When someone invests in a stock, they usually want something in return. Many companies meet this demand by paying a cash dividend, or a share of the profits. Not all companies pay dividends, but those that do tend to be older and more established. The question for investors is, how does the dividend measure up against how much money they paid for the shares?
A dividend calculation offers an answer to this question. Although this ratio doesn’t offer a complete picture, it can be useful when analyzing a potential investment.
What is dividend yield?
The dividend yield formula compares a stock’s dividend to a company’s share price. A higher percentage indicates that the company pays a higher dividend relative to the stock price. Many exchange-traded funds (ETFs) and mutual funds also pay dividends and the same calculations are used to determine the dividend yield.
Although dividend yield alone won’t tell the whole story about a stock, it can help demonstrate how much investors can reasonably expect to receive from that stock during a year. It also enables investors to analyze the stock’s performance over time and identify trends.
There is no hard and fast rule for determining what is a good dividend yield. In general, though, many investors consider a dividend yield between 2% and 5% to be positive.
How to calculate dividend yield
Dividend yield is calculated by dividing a stock’s annual dividend by its stock price.
Dividend yield = Annual dividend/stock price
For example, if a stock paid investors $1.50 per share in a year and the stock price at the time of calculation was $40 per share, the dividend yield would be 3.75%.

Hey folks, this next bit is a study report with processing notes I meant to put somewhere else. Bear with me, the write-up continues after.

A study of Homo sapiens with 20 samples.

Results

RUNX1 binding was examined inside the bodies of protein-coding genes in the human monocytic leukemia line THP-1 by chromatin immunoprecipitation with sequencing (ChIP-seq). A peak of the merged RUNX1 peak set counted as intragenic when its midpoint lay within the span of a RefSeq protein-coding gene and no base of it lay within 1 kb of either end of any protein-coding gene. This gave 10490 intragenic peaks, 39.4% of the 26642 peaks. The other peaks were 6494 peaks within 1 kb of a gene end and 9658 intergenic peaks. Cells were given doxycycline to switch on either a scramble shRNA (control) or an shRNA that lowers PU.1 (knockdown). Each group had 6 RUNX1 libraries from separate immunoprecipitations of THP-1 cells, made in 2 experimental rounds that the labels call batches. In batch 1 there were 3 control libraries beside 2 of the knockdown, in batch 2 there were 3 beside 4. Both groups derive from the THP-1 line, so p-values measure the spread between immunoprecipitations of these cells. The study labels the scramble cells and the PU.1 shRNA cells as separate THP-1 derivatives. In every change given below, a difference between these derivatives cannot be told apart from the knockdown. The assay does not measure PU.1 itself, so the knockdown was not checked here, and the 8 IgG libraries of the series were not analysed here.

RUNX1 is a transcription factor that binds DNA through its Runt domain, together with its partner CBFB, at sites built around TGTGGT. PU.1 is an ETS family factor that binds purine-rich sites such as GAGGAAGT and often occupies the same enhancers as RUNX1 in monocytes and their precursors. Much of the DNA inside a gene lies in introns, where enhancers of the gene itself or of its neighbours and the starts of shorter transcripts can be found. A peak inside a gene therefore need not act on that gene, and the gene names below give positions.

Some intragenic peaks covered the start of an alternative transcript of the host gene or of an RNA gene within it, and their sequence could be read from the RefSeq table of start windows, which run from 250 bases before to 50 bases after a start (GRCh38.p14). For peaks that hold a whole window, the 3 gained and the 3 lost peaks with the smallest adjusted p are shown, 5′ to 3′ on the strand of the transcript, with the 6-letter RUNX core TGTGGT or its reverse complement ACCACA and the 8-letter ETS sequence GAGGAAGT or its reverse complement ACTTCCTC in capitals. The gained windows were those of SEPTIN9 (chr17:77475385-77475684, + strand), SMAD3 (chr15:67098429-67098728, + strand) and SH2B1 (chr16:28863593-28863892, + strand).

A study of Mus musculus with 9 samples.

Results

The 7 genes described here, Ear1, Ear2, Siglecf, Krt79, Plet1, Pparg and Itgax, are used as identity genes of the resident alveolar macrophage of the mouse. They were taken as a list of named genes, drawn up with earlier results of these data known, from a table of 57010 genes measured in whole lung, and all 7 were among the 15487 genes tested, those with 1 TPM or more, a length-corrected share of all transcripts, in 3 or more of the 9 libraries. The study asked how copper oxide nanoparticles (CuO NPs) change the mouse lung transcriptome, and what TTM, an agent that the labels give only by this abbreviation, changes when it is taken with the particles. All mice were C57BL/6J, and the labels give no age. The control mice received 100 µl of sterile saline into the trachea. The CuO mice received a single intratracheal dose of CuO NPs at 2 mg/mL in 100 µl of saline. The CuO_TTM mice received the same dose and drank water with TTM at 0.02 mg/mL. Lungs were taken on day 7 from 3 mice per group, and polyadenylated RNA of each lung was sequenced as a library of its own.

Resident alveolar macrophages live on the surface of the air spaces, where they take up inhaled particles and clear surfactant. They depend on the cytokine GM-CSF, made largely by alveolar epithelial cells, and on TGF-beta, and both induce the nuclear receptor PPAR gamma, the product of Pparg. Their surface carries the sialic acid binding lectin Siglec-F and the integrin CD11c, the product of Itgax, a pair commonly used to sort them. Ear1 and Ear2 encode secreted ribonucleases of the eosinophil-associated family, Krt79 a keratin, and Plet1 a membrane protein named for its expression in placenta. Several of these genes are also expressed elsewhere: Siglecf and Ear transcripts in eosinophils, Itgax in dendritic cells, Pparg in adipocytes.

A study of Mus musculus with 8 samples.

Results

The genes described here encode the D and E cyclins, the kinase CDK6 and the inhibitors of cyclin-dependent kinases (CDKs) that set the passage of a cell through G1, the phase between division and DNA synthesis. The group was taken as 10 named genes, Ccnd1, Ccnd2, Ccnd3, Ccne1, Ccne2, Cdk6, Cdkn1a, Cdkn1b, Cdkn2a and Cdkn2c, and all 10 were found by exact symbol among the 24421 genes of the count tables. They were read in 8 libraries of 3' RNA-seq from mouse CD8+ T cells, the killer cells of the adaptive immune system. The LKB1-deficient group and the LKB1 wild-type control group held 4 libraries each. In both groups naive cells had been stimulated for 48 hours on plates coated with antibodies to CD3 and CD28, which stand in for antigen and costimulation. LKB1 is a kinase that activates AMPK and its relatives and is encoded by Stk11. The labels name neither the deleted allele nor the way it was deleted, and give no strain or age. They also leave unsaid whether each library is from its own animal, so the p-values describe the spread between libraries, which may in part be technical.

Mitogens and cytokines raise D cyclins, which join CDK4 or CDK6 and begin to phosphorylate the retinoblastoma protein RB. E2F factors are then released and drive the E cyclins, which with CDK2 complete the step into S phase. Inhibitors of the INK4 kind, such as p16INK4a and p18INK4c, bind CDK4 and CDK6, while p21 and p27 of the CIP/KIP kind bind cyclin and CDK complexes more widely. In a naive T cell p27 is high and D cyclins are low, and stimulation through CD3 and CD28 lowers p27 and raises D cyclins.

Dividend yield is often calculated using the previous year’s financial results. If things have changed since those results were released, however, this number may not give the most accurate view. For this reason, there are a few different ways investors may want to calculate dividend yield:
- Investors can multiply the most recent quarterly dividend by four, then divide that number by the latest stock price.
- Investors can add up the most recent four dividend payments (called a trailing dividend) and divide that number by the current stock price.
- If a fund or ETF pays monthly dividends, investors can multiply the most recent dividend by 12 or add the previous 12 (trailing) distributions and use that figure to calculate an updated dividend yield.
These methods also come with limitations. For example, if the company offers unbalanced dividends—paying less in the first three quarters and then offering a larger dividend in the fourth, for example—this number may also be skewed.
Dividends offer several advantages, like additional cash flow and a tax rate that may be lower than ordinary income.
- Additional cash flow. Dividend stocks provide investors with an added source of cash flow, which may be reinvested. A dividend reinvestment strategy allows investors to continually grow their portfolio, even without contributing additional funds out of pocket.
- May be taxed at a lower rate than ordinary income*. This can help to reduce an investor’s tax burden without reducing their cash flow.
*Dividends may be either ordinary (nonqualified) or qualified, each with its own tax rates. Nonqualified dividends are taxed as ordinary income, according to the investor’s existing tax bracket. Qualified dividends, however, are taxed at either 0%, 15% or 20%.
Qualified dividends are those which are owned for a minimum holding period (more than 60 or 90 days, depending on the dividend payout schedule) and are issued after December 31, 2002 by an eligible US or foreign corporation.
Disadvantages of dividend yields
While a dividend payment may seem like a good thing, dividend yield isn’t a fool-proof way to determine the health of a stock.
Can be misleading. Dividend yield can paint a potentially misleading picture of a stock’s promise, for two reasons. One is timing. Dividend yield can be variable based on when it is calculated and the company’s dividend payment schedule. The other is the dividend yield’s relationship to a stock’s value. A sharp rise in dividend yield may be the result of a sudden decline in stock’s price.